Is the School Aid Act rewrite a solution in search of a problem?
No. This is a good question to ask, and certainly a criticism that's been launched in the popular press. We think this is a faulty platform and an errant attempt to silence an important debate. The fact is, there are structural issues with our state’s public school system, and addressing them systematically is long overdue. This effort, while perhaps not THE answer, tackles several of these problems head-on and deserves genuine consideration.
Problem #1—Our current system isn’t preparing students to meet the demands of the 21st century.
We are strong supporters of public education. Most of us at PSC are products of Michigan’s public education system, and many of us have children who are current students or spouses who work in the field. We work closely with educators, school associations, school districts, ISDs, and the state. We have great respect for the individuals who are committed to making a difference in the lives of our families.
However, as policy analysts, we are compelled by data which paints a harsh reality of the outcomes produced by our current system:
- Only 34% of Michigan third graders are proficient in math and reading on the state assessment (MEAP).
- Only about 75% of Michigan students graduate in four years, and only 17.7% of Michigan students are considered “college ready” by the ACT.
Unfortunately, it doesn’t matter which metric you use. The story is the same: As a state, our students are falling behind. Earlier this year, the Education Trust-Midwest looked at Michigan’s student achievement data and reached the same conclusions. It warned, “The conventional wisdom in Michigan holds low-income, and black and brown children responsible for our state’s low averages.” While the trends for low-income, minority students show them lagging behind their national peers, “Michigan’s underperformance transcends our communities of color and low-income neighborhoods. Compared with other states, white and higher income students here also are sinking in academic achievement.”
And, this story hasn’t changed in almost 30 years. In 1983, “A Nation at Risk: The Imperative for Educational Reform” was released with this admonishment:
“We report to the American people that while we can take justifiable pride in what our schools and colleges have historically accomplished and contributed to the United States and the well-being of its people, the educational foundations of our society are presently being eroded by a rising tide of mediocrity that threatens our very future as a Nation and a people.”
Our system continues to look to past studies and data point after data point to frame accomplishments and assure ourselves that the system is just fine. But the system is not fine. Change is difficult and uncomfortable, but that is no excuse for limiting our children to mediocrity when we can offer them opportunity.
Problem #2 – Incremental reform hasn’t produced dramatic results.
Nothing we have articulated here should be interpreted to suggest that education leaders have been sitting around waiting for a silver bullet. On the contrary, our state’s leadership has embraced a wide range of education reforms and school improvement efforts designed to improve teaching and learning. The list is exhaustive and includes efforts such as school-wide reform, merit pay, charter schools, standards-based education, schools of choice, accountability, teacher evaluation, and technology. Some of these efforts have made a difference. Others have not. We’re not going to debate the merits of these initiatives or question the importance of having rigorous common standards, quality instruction, well-trained teachers, and high-quality early learning experiences. But we will say that none of these initiatives have been able to go fully to scale or demonstrate dramatically improved student learning across the board. In other words, they have simply not been enough.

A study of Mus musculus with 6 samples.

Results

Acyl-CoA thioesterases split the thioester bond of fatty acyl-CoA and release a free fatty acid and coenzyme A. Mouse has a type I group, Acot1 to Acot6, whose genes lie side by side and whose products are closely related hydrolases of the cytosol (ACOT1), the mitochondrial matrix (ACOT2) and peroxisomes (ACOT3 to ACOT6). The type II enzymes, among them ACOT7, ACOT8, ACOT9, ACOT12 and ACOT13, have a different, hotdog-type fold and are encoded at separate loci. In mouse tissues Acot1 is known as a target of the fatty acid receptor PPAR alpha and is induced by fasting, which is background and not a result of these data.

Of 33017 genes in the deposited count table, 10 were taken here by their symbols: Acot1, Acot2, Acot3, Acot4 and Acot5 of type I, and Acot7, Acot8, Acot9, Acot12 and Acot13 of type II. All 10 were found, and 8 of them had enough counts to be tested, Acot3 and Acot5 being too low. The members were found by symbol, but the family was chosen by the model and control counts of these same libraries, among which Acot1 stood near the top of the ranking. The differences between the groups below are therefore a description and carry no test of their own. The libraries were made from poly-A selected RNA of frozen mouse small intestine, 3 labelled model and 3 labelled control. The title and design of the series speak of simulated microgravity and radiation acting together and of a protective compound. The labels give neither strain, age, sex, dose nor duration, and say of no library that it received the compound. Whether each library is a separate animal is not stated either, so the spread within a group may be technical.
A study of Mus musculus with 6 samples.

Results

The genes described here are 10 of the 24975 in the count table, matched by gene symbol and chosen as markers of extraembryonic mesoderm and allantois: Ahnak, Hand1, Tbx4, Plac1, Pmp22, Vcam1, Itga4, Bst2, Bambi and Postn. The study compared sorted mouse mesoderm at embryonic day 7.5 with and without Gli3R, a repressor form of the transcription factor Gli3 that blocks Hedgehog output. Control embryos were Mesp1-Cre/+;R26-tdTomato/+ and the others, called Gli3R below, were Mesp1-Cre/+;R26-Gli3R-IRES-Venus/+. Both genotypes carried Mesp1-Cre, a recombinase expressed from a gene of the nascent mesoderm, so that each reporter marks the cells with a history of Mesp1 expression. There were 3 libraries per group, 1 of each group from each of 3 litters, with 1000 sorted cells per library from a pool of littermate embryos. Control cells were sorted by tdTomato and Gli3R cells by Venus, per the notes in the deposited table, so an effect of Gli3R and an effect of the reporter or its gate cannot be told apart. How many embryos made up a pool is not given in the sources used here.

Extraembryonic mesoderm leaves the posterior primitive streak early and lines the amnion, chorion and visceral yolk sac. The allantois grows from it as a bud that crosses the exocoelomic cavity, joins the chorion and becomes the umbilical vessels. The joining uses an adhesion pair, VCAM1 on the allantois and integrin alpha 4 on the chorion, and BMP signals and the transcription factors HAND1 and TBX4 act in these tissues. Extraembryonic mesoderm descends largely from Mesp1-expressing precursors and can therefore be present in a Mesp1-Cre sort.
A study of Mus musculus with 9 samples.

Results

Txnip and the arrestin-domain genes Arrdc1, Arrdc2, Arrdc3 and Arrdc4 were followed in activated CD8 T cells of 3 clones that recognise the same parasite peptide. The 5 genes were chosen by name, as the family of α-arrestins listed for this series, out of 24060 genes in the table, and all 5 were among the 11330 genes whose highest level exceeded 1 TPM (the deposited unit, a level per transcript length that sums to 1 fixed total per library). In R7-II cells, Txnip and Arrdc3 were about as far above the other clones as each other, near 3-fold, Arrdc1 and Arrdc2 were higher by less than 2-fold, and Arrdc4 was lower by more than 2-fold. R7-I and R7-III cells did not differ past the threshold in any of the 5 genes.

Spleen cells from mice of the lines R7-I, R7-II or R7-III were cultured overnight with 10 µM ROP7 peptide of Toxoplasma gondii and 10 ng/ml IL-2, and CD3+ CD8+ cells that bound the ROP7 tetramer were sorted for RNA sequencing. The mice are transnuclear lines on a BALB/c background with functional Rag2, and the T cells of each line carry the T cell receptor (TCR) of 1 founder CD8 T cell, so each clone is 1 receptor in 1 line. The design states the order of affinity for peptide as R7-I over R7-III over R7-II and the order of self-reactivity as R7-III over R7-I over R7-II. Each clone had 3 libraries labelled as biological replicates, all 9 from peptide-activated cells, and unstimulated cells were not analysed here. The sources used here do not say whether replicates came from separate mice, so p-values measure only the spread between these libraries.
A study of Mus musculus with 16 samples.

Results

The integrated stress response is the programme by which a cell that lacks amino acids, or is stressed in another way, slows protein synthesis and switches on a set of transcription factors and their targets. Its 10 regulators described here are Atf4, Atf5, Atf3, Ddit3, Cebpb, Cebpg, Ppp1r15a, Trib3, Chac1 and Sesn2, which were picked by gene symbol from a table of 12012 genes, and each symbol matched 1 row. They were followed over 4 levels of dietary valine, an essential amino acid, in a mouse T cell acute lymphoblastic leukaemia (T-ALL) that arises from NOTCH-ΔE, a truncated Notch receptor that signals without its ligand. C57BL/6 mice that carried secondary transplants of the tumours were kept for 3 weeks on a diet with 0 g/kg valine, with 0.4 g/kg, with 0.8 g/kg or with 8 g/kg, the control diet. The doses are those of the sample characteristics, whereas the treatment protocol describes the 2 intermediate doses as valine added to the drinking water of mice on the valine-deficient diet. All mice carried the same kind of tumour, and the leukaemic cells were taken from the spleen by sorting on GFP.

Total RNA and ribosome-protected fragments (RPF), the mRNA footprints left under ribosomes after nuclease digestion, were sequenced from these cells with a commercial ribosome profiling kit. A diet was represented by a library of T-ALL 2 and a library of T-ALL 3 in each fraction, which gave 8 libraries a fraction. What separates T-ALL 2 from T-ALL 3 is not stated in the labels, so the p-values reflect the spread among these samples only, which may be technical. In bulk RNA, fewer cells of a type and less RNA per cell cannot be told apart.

Over the past 30 years, we’ve invested hundreds of millions of dollars in efforts to change our education system by tinkering around the edges. Rather than challenge how we think about schooling or what a public education looks like, we have expected dramatic results from operational corrections. Reform after reform has failed to address the underlying structural issues.
Again the words of “A Nation at Risk” almost 30 years ago are perhaps more relevant today: “History is not kind to idlers. The time is long past when American's destiny was assured simply by an abundance of natural resources and inexhaustible human enthusiasm, and by our relative isolation from the malignant problems of older civilizations. The world is indeed one global village. We live among determined, well-educated, and strongly motivated competitors. We compete with them for international standing and markets, not only with products but also with the ideas of our laboratories and neighborhood workshops. America's position in the world may once have been reasonably secure with only a few exceptionally well-trained men and women. It is no longer.”
The fact is, Michigan’s students still go to school roughly 180 days a year for 6 or 7 hours a day. In most cases, they sit in front of a single teacher, in a single building, in a single local school district that offers their full academic experience. Students progress through grades on the same pace as their peers, and they all, regardless of interest or aptitude, graduate with roughly the same experience. Until we’re willing to challenge, update, rethink, or uproot that paradigm, we will continue to get incremental results.
Solution in search of a problem? We don’t think so.